The fundamental differences between web analytics, plugin analytics, and social sharing platform analytics
Radio pioneer Lee De Forest once argued that, “while theoretically and technically television may be feasible, commercially and financially it is an impossibility.”
Just like the television, and every other new means of communication, social media has seen its “…but where’s the money?” days. And ROI may have been the most-hated acronym in the social media circle at one time, but today it’s just another way to prove the effectiveness of humanizing your business.
As a business owner, editor, or social media implementer, you require the numbers that tell you what you’re doing right and what you’re doing wrong. If De Forest could have even imagined Google Analytics back in 1926, his brain probably would have exploded. Luckily, we have a plethora of options to see these numbers that keep our businesses rolling and our eyes on the goals—stay in business, become more profitable, and keep customers happy.
Google Social Analytics
Google Analytics has recently made it incredibly easy to start measuring your social media efforts. Up until this recent June, you were stuck developing your own social media functions within GA which caused most business owners and managers to put that task on the “things to assign when I get around to learning what the heck I’m assigning” list.
Now Google has launched the beta version of their latest dashboard which automatically includes social analytics. This is a process that began when they opened up Social Plug-In Analytics in June, and as a bonus, made it even easier by working with WordPress plugin developers like AddThis, ShareThis and AddToAny which meant that you had even less work to do.
Social analytics with Google went from being exhausting, to a heck of a lot easier, to a no-brainer. Now, it’s just a matter of what you want to take from these analytics that will determine if you want to venture into other platforms for your other social media milestones.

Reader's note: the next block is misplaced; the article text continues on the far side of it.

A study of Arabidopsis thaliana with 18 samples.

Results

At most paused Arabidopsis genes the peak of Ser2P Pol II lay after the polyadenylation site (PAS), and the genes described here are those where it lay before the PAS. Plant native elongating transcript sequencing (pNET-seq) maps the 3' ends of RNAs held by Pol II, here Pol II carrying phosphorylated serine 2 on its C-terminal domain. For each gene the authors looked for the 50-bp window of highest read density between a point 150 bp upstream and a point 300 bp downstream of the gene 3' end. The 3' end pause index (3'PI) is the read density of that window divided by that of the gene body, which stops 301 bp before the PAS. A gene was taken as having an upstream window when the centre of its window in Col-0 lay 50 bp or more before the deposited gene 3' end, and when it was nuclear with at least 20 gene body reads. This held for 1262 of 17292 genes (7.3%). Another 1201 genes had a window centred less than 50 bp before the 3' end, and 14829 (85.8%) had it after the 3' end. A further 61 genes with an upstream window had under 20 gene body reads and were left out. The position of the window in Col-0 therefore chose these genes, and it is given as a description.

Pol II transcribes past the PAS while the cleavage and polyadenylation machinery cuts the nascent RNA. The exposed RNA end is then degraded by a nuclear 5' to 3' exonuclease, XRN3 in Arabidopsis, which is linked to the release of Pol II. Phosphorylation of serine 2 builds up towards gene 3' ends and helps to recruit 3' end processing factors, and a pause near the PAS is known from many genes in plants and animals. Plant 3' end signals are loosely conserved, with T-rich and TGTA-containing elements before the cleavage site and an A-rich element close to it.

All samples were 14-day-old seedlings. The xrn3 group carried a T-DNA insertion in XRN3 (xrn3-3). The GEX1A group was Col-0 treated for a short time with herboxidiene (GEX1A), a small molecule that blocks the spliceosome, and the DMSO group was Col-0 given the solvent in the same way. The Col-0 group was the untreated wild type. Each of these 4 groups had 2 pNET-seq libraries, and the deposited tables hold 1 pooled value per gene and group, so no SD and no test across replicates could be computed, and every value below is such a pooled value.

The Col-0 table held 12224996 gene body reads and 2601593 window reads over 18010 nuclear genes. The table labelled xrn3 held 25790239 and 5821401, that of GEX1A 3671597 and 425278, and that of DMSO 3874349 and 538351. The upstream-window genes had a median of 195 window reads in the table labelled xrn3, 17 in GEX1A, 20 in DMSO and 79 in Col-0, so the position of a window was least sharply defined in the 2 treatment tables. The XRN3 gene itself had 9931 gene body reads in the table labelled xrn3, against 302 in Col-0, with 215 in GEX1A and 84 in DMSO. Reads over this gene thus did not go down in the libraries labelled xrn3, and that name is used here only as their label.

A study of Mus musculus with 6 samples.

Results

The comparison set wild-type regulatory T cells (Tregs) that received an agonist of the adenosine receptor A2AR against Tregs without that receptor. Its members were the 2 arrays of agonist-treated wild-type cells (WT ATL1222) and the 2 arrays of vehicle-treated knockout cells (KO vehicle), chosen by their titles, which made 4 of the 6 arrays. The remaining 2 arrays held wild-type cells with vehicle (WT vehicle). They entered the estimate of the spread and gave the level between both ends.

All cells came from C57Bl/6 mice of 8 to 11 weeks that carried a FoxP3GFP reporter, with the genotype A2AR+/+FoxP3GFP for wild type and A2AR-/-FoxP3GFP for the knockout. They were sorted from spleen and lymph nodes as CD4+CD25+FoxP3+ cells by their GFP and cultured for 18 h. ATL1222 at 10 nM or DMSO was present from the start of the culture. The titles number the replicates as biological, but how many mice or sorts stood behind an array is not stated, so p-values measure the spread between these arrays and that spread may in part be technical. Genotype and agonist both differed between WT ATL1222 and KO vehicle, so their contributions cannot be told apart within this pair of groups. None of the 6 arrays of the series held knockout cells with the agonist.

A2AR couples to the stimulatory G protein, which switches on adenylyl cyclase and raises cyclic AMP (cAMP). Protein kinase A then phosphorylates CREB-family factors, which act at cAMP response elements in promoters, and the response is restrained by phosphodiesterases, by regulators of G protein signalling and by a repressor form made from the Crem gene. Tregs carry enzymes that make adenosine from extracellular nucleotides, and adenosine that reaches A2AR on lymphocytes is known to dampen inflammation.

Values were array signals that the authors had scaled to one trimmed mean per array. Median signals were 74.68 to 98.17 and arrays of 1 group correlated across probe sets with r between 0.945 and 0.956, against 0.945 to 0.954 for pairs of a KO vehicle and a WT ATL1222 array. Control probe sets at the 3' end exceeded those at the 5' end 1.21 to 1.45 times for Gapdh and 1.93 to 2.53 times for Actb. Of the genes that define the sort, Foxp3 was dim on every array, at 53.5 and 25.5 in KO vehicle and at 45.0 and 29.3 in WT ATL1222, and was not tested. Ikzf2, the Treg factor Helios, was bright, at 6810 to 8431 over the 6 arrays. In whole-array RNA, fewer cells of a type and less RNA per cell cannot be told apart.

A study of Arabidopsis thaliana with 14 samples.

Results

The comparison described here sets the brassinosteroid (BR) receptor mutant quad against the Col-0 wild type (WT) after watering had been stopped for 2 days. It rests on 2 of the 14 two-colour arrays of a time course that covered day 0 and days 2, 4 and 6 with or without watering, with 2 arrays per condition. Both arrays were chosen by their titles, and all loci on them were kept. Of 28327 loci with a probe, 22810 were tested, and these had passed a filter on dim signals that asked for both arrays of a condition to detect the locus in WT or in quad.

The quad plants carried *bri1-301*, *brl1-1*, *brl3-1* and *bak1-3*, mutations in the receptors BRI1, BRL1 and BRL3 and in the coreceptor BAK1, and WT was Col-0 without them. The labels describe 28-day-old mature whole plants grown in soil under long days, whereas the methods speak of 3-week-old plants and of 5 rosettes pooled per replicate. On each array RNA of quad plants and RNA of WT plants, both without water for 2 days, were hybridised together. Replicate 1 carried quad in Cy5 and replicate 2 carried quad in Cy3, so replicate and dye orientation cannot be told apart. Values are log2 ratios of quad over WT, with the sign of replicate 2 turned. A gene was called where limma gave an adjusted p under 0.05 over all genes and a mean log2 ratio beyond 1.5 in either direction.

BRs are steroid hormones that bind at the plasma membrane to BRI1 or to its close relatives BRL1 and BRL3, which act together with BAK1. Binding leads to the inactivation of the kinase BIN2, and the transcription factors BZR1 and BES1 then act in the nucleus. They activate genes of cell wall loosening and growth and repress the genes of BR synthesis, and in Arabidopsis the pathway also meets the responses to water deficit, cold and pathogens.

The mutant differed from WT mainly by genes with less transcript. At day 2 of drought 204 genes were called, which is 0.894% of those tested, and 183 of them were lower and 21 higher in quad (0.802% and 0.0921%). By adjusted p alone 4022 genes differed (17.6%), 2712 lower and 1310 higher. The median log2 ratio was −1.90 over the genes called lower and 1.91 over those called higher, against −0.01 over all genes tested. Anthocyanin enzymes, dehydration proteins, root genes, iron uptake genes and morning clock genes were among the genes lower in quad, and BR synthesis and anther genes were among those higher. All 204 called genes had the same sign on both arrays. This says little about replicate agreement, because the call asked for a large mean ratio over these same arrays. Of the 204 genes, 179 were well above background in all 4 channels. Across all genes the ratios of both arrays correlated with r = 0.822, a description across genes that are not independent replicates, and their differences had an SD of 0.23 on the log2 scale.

Don’t worry if your numbers are low to start because they only just started rolling things out, but you can see from this sample one thing that looks promising – “socially engaged” users visited more than double the amount of pages as others. The take-away? Bring in more socially-savvy users!
I might have mentioned back there that Google Analytics is now integrated with plugins like AddThis, but even without that integration you can use plugins like AddThis to get social media analytics. As a bonus, if you’re on WordPress, you can get those analytics right in your dashboard.
Hootsuite is not only the best tool I’ve found to manage social media accounts, but it also offers a good set of customizable analytics reports. While Hootsuite and their basic reports are both free, you’re better off paying their tiny monthly fee to get an account that can be managed by multiple editors, and pay the extra fee for more robust social media reports that are customizable and even printable, which may come in very handy depending how big and old school your company is.
So now I tricked you here by only giving you three ways to get social media analytics, because it’s not really easy to say which is best—it all depends on your goal and where your efforts are focused. These three focus on the all-inclusive. While these might be my top choices in that arena, there are plenty of other options like SocialBakers for advanced Facebook analytics, while something like PostRank Analytics is meant to help you build customer loyalty.
Now’s your chance to weigh in. What tools have been the most helpful to you in measuring your social media efforts?